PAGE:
Diplomacy Key To Halting North Korean Nuclear Program, Rice Says

By Melody Merin
Washington File Special Correspondent

Washington – The work by the five parties trying to solve the North Korean nuclear issue is the main topic of Secretary of State Condoleezza Rice’s discussions in Moscow, she told journalists en route to the Russian capital October 21.

Rice said the purpose of her meetings in Moscow is “to continue the discussion among the five parties about the North Korea test and the adherence to Resolution 1718.” On October 14, the U.N. Security Council unanimously adopted Resolution 1718 after North Korea reported testing a nuclear device October 9. The five parties trying to change North Korea’s behavior – via the Six-Party Talks - are the United States, China, Japan, Russia and South Korea. (See related article.)

“To … effectively and persistently [carry] out Resolution 1718 … in a businesslike and effective manner … is the way to sustain the adherence to 1718 over time,” said Rice. She added that talks among allies and members of the international community will continue in addition to pursuing more practical measures, such as detecting and monitoring equipment, to carry out the resolution.

Resolution 1718 bans trade with North Korea on all materials with direct or dual use application for weapons of mass destruction (WMD); bans the sale or purchase of battle tanks, warships, armored combat aircraft, attack helicopters, missiles or missile systems; prohibits nations from using their territories or allowing their nationals to provide North Korea technical training, advice, services or assistance on WMDs; and prohibits the sale of luxury goods to North Korea.

The resolution requires nations to freeze the funds, assets and economic resources of individuals or businesses - which will be designated by the council's sanctions committee - connected with North Korea's nuclear and ballistic missile programs, and impose a travel ban on individuals and their families connected with weapons of mass destruction programs.


When asked about China’s role and that country’s first support of a resolution adopted under Chapter VII of the U.N. Charter against North Korea, Rice said that “Chinese attitudes about North Korea are evolving” and called China’s act “unusual and significant.”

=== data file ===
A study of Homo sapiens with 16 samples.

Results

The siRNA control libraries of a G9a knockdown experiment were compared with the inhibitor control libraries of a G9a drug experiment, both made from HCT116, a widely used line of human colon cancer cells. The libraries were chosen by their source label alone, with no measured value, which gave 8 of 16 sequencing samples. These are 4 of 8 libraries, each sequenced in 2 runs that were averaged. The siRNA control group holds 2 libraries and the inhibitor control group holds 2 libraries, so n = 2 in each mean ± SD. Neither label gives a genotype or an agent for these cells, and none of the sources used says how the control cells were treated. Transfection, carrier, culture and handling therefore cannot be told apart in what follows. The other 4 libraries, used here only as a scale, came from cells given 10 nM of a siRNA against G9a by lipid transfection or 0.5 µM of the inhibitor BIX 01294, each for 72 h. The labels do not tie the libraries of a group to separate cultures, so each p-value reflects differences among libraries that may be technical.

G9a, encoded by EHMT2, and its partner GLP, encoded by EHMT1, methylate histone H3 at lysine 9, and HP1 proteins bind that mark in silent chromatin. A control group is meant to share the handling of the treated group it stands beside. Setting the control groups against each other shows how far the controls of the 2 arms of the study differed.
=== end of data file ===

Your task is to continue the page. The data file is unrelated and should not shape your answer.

While acknowledging that the relationship between the two Asian countries is not going to change overnight, Rice noted China’s influence on North Korea: “China … seems to be trying to use that relationship to bring about more responsible North Korean behavior so that we do know that they’ve used that relationship to warn against tests, to warn against further escalations, to try to get [North Korea] back to talk.” (See related article.)

The secretary was asked to comment on reports that North Korean leader Kim Jong Il apologized for the test during his recent meeting with Chinese State Councilor Tang Jiaxuan. “In a fairly thorough briefing to me about the talks, [the Chinese] said nothing about an apology [by Jong Il] for having launched a test,” Rice said, referring to her talks in Beijing.


Commenting on the recent tensions between Georgia and Russia, Rice said that “the rhetoric really needs to be lowered.”  She said that the United States, acting through the Organizations for Security and Cooperation in Europe, helped to resolve the crisis concerning four Russian soldiers arrested in Georgia on charges of espionage.

Their detention triggered the latest Georgian-Russian argument. “I think we’ve been clear with both sides that cooler heads need to prevail here. … I would be especially concerned that there be no rhetoric that might encourage activity, military or provocative activity, in the frozen conflicts in Abkhazia or South Ossetia,” Rice said. (See related article.)

Speaking about the recent murder of a prominent Russian journalist, Anna Politkovskaya, by an unknown assailant in Moscow, Secretary Rice said that “the fate of journalists in Russia is a major concern.”

Politkovskaya, a respected investigative reporter and author, was killed in her Moscow apartment building on October 7. She often reported on human rights abuses and war atrocities in Chechnya. The United States has called on the Russian government to conduct an immediate and thorough investigation. (See related article).

Rice also stressed the importance of independent press in Russia, mentioning Novaya Gazeta, the publication that employed Politkovskaya, will be interviewing the secretary during her visit in Moscow.

On her way to Moscow, Rice also spoke about the issue of foreign nongovernmental organizations (NGOs) in Russia, which were required to re-register by October 18 under a new Russian law. According to press reports, only about 90 of 175 applications were processed. Rice said she hopes to raise the NGO issue when she meets with Russian President Vladimir Putin.

The law gives Russian authorities 30 days to process applications, but the United States has urged Russia to re-register the NGOs “as rapidly as possible” to ensure the continuity of their operation. (See related article.)

A transcript of Rice’s en route briefing is available on the State Department Web site.

For more information, see The U.S. and the Korean Peninsula.